Anbinik dja Kukodjdubbe Ankabo

Anbinik dja Kukodjdubbe Ankabo

(Allosyncarpia ternata trees and headwater wetlands)

The Bininj Gunwok Language Project has been working together with Warddeken Land Management Ltd, ecologist Jeremy Freeman from Charles Darwin University, and the Nature Conservancy to produce two new resources. One is a poster about anbinik trees and the other is about kukodjdubbe mankabo 'headwater wetlands' on the Arnhem Land Plateau. The anbinik poster is featured here in this post. Kunwinjku extracts from the poster are followed by the English translations. At the end of the images, there is a link to several files where you can download copies for your classrooms and offices. If you would like full size copies of these posters, use the contact tab on the main menu strip to get in touch with us.

Ngad nawu ngarridurrkmirri Bininj Kunwokken, ngarrbenbidyikarrmeng bedda nawu Warddeken kabirridurrkmirri kabirribolknahnan manbinik manngarre. Wanjh ngarridjarrkmarnbom bokenh djurra nawu manbinik dja kukodjdubbe mankabo.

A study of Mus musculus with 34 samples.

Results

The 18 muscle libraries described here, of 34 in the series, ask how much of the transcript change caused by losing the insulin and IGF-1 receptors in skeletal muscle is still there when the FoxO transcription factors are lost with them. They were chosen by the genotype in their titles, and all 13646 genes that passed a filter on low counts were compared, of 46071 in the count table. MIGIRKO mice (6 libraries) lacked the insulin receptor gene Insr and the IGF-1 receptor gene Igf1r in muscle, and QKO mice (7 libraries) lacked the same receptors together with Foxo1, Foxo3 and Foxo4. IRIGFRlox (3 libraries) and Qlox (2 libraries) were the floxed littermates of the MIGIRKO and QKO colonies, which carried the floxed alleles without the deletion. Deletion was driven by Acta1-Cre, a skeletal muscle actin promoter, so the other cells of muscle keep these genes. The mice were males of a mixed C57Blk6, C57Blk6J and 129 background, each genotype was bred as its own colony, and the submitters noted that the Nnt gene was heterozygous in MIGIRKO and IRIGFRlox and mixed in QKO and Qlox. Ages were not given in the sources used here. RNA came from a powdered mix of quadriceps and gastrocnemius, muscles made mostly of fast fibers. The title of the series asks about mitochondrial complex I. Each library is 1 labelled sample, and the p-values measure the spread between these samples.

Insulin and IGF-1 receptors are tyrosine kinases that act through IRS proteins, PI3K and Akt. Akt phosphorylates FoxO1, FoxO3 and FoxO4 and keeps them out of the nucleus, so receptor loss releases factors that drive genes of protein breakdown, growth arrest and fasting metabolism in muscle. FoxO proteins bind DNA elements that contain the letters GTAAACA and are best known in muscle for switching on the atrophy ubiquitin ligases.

Anbinik

The 'old people' (dabbarrabbolk) on the Arnhem Land plateau in the rock country used to speak Kundedjnjenghmi, one of the dialects of Bininj Gunwok. It has some similarities with Gundjeihmi spoken to the west. One of these similarities is that it uses an- as the vegetal noun class prefix, as does Gundjeihmi. In Kunwinjku this prefix is man-, so in Gundjeihmi and Kundedjnjenghmi the name for the Allosyncarpia ternata tree is anbinik and in Kunwinjku it is manbinik. The poster includes words from both Kundedjnjenghmi and Kunwinjku.

Files of the posters (pdf) are available here:

anbinik poster Kunwinjku

wetland poster Kunwinjku

anbinik poster English

wetland poster English

Thanks to our translation team:

Alfred Nayinggul, Andrew Manakgu, Donna Nadjamerrek and to 'the old people' who taught us about the importance of these trees.